The most useful textbook & academic posts of the week: January 5, 2018
As is often the case at the start of a new year, 2018 began with a wealth of change-focused and forward-thinking articles full of advice and projections for the year ahead. Specifically, our collection of posts for this week examine the end of stress for busy writers, mistakes that can hold you back as an author, and America’s public domain drought. They challenge the assumptions of trends in higher education, the value of writing self-efficacy, and what it means to be an academic. And finally, they suggest paths to success including themes rather than resolutions, tips for creating writing goals that work, a 5-day goal setting challenge, and a willingness to embrace your inner procrastinator.
Whatever 2018 has in store for you, we hope it includes progress and success in writing. After all, as Natasha Lester says, “Getting started on writing a book isn’t as hard as it sounds. You don’t need a plan and an outline. In fact, all you need are two things: time and one idea.”
Why is it that the busier we are, the worse we treat ourselves? When life gets crazy, that’s when we are most in need of some TLC — and that’s exactly when we are least likely to give it to ourselves! Here are a few quick and easy stress-busters to help you survive a hectic, busy writing schedule!
Writing, publishing, and marketing a book require a great deal of time and knowledge.
Most authors feel a great sense of accomplishment when they hit “publish” on Amazon and make that labor of love available for purchase.
The smile that comes with that achievement quickly fades, though, when you discover that nobody is buying your book.
American copyrights now stretch for 95 years. Since 1998, we’ve been frozen with a public domain that only applies to works from before 1923 (and government works).
The 7 key trends that the Peterson and Rudgers identify for higher education in 2018 are: 1. Eroding support for higher ed. 2. Challenges to the business model. 3. Violent activism and balancing free speech, safety and climate. 4. #MeToo movement in the academy. 5. Student safety in Greek life and athletics. 6. Reckoning with the racist past. 7. Presidents as public thought leaders.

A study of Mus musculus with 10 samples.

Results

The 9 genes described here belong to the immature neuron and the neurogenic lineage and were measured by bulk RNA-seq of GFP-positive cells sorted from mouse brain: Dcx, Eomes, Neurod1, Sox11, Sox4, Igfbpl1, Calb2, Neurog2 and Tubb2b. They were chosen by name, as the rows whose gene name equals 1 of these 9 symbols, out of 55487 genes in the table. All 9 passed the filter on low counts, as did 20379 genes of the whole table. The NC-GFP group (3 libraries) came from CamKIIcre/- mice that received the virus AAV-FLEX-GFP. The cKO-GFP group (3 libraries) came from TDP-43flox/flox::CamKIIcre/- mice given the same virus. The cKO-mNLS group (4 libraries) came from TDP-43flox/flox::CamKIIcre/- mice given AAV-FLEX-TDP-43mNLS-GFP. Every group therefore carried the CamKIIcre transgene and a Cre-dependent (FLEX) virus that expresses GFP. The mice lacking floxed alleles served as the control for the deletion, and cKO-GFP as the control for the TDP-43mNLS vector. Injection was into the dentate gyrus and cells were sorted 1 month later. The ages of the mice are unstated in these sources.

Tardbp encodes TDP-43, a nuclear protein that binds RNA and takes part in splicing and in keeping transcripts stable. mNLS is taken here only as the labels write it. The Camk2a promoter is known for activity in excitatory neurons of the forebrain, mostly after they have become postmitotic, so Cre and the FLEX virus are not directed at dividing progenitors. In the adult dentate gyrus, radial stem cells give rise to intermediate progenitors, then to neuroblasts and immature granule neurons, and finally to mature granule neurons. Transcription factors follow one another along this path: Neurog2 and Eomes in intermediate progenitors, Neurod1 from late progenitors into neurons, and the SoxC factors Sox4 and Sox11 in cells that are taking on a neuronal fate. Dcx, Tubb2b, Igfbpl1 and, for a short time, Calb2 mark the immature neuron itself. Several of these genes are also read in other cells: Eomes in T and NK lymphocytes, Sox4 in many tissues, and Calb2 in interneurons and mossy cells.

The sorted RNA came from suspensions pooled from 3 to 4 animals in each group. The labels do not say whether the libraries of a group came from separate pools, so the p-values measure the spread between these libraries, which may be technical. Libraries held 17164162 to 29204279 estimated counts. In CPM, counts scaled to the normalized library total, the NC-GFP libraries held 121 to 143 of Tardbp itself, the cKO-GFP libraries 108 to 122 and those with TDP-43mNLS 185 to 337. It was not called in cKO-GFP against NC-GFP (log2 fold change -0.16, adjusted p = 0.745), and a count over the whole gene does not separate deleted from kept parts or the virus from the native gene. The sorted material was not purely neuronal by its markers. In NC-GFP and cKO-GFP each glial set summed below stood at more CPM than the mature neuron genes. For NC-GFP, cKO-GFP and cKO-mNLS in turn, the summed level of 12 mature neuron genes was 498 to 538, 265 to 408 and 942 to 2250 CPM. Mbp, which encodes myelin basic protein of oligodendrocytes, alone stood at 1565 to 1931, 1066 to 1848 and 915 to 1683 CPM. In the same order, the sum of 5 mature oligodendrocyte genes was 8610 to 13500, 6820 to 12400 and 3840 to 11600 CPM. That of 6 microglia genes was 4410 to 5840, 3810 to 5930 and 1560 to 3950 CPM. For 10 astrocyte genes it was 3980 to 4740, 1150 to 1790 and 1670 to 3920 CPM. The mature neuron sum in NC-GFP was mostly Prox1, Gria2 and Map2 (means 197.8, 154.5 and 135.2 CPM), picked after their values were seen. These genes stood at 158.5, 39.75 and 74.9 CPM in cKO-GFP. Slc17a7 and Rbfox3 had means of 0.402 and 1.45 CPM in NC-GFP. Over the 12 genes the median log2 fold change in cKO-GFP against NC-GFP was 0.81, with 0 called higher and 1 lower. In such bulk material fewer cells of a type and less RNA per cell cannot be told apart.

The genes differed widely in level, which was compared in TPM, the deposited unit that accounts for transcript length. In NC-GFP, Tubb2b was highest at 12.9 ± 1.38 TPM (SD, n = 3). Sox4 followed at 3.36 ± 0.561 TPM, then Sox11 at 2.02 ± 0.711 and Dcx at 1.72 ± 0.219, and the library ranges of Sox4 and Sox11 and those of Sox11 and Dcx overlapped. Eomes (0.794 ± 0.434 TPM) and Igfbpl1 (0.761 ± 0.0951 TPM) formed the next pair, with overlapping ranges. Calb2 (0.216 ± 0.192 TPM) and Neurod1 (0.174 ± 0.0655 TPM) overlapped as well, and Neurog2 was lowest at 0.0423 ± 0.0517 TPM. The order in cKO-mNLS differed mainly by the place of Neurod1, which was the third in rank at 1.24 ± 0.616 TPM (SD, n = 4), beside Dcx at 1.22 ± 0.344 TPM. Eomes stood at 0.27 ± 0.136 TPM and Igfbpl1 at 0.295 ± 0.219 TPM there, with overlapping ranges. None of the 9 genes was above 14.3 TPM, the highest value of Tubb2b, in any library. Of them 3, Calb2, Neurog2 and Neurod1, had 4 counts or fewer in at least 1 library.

What do you think? What would be your 7 trends?
If Doctoral programs didn’t change your thinking, they wouldn’t be doing their job would they? Here at the start of a new year, I thought I might reflect upon what has happened to my thinking on my planned thesis project to develop a measurement instrument to assess writing self-efficacy.
No matter how much faculty members cling to “the good old days,” there is no going back. We might as well embrace the possibility of creating a new kind of academic. They’ve changed the professoriate — why we teach, what we teach, how we teach, and where we teach.
As one year ends and the next begins, newspapers and social media will be flooded with articles about how to make and keep New Year’s resolutions. I don’t do resolutions, but since moving to the UK two years ago, I have starting doing themes.
Every New Year gives you a chance to set new goals. Script Magazine Editor, Jeanne Veillette Bowerman, shares tips for creating writing goals that are realistic in hopes this will be the year that truly elevates your career!
If you are ready to set realistic, attainable goals for the upcoming semester, TAA member Jane Jones invites you to participate in her 5-Day Goal Setting Challenge. We’ll start on January 8th, and each day for five days you’ll receive a short goal-setting lesson in your inbox.
As the year draws to a close, we often take this time to reflect on our behaviour and consider what we want to change. Those who are prone to procrastinate may contemplate changing their way of getting things done, especially if they have been criticized, shamed or punished for their delay. But they don’t need to change: Contrary to popular belief, procrastination does not necessarily interfere with success.